The Warfare State

Modern Warfare 2. Not a bad little launch, hey?

Thanks to unprecedented retail activity – responsible for a large chunk of the initial sales – Call of Duty is already on course to gross over a billion dollars worldwide in this calendar year alone.

Yet only now can we start to see the real impact of the game’s release.

Countless publishers have pushed titles back into Q1 to avoid collateral damage – while another new wave of retailers are suddenly keen to stock games.

After months of hype, retail excitement and consumer teasing the game was duty-bound to succeed. Demand and pre-order numbers were eye-wateringly high; post-release sales the same.

Now we can see MW2 is on a scale no-one else can compete with. For all the talk of beating GTA IV and Halo 3, its sales numbers are in a league of their own.

Much credit goes to the 2,000 UK midnight openings and special offers run by the likes of GAME, Gamestation and HMV – and of course those plucky supermarkets (at least I think ‘plucky’ is how I heard someone describe them...).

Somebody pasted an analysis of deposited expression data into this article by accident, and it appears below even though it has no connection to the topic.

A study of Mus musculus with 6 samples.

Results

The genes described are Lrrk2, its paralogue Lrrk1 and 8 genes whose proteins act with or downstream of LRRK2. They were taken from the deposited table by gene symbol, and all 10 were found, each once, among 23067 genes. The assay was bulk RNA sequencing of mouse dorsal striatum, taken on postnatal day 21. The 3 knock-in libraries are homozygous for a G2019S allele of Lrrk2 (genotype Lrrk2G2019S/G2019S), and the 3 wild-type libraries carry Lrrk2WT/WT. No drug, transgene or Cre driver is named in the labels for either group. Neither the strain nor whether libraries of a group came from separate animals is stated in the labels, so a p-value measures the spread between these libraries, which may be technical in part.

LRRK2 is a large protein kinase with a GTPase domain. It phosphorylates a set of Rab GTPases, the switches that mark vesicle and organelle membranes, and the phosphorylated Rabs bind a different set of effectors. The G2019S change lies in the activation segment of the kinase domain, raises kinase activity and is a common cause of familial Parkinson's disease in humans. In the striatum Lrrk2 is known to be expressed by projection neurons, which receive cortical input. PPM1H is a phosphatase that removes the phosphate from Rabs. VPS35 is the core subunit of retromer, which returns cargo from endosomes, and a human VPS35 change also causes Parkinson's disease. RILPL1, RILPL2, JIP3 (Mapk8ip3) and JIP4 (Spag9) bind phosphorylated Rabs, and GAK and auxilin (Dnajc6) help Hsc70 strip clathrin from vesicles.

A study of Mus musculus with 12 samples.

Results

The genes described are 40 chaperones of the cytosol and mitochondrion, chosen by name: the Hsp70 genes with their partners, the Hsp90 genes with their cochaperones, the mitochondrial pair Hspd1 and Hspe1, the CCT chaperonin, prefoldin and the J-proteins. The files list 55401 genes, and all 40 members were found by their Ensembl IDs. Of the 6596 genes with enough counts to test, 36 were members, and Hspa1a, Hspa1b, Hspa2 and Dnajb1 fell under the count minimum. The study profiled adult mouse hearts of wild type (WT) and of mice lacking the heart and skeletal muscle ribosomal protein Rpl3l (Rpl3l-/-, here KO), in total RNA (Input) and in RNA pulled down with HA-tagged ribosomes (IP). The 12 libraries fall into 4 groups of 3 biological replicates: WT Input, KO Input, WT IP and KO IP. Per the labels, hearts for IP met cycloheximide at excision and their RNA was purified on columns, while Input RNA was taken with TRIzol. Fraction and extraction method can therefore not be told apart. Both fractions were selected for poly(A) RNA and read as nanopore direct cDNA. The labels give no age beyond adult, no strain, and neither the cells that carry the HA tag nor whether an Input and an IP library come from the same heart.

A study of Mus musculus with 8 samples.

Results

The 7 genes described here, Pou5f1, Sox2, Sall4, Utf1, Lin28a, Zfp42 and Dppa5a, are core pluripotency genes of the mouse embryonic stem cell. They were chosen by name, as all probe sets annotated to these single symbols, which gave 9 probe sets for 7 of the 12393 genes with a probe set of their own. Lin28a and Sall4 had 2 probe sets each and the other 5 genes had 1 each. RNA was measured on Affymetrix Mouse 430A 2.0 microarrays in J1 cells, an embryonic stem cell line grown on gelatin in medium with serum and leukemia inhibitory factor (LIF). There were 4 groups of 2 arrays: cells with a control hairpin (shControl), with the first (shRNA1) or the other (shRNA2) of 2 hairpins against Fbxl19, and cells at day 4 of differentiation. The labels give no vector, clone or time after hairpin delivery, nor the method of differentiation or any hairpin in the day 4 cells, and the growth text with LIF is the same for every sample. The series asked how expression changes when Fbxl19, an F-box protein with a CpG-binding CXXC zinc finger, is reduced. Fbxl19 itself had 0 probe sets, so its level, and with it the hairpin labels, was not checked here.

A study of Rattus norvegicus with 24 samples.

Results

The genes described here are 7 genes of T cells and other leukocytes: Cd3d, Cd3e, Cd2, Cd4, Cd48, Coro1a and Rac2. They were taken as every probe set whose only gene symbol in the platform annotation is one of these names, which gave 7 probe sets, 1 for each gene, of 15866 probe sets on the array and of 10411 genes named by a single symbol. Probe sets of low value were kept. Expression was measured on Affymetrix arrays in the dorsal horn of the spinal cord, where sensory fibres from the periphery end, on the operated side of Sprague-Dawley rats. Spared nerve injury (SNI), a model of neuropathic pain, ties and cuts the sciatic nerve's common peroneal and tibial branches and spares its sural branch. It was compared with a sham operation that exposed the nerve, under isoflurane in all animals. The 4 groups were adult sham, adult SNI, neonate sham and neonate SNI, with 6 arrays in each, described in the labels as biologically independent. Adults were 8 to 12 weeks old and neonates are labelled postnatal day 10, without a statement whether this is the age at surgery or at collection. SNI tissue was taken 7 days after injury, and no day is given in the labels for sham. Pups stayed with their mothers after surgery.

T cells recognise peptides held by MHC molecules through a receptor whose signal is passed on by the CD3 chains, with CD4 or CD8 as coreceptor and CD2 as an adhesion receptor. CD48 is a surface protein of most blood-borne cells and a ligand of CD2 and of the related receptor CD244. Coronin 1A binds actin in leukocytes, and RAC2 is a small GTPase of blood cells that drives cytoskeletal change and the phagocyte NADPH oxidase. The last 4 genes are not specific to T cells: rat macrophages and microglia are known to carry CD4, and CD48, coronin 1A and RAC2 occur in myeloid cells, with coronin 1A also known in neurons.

But in the end did retailers – both bricks and mortar and online – get a fair shake at this? Yet again it was another release undercut by supermarkets, which must have caused no end of grief for indies, the specialists, and consumers who pre-ordered and were locked into prices at various shops.

Maybe that’s the cost of success – no-one said that a single creative industry can engineer ‘the biggest entertainment launch of all time’ without stepping on people’s toes.

But also, what impact – if any – did that infamous RRP rise have on last week? Did it distort the numbers, or not matter? Most consumers bought it at or under £44.99 – £10 lower than the recommended price – and ChartTrack seems to use £39.99 as the average cost of the game.

Has the extra custom this attracted helped recoup the development budget – as Activision said it would when it raised the RRP? A lot of games would dream of making a few million in months, let alone a day.

It’s probably still too early to tell – we’ll get a better grasp of the real potential of MW2 once we’ve seen the game’s second and third weeks on the market.

For now, Modern Warfare 2’s arrival is the games industry’s defining moment of 2009. Whether the trade can learn anything from the various controversies it has sparked remains to be seen.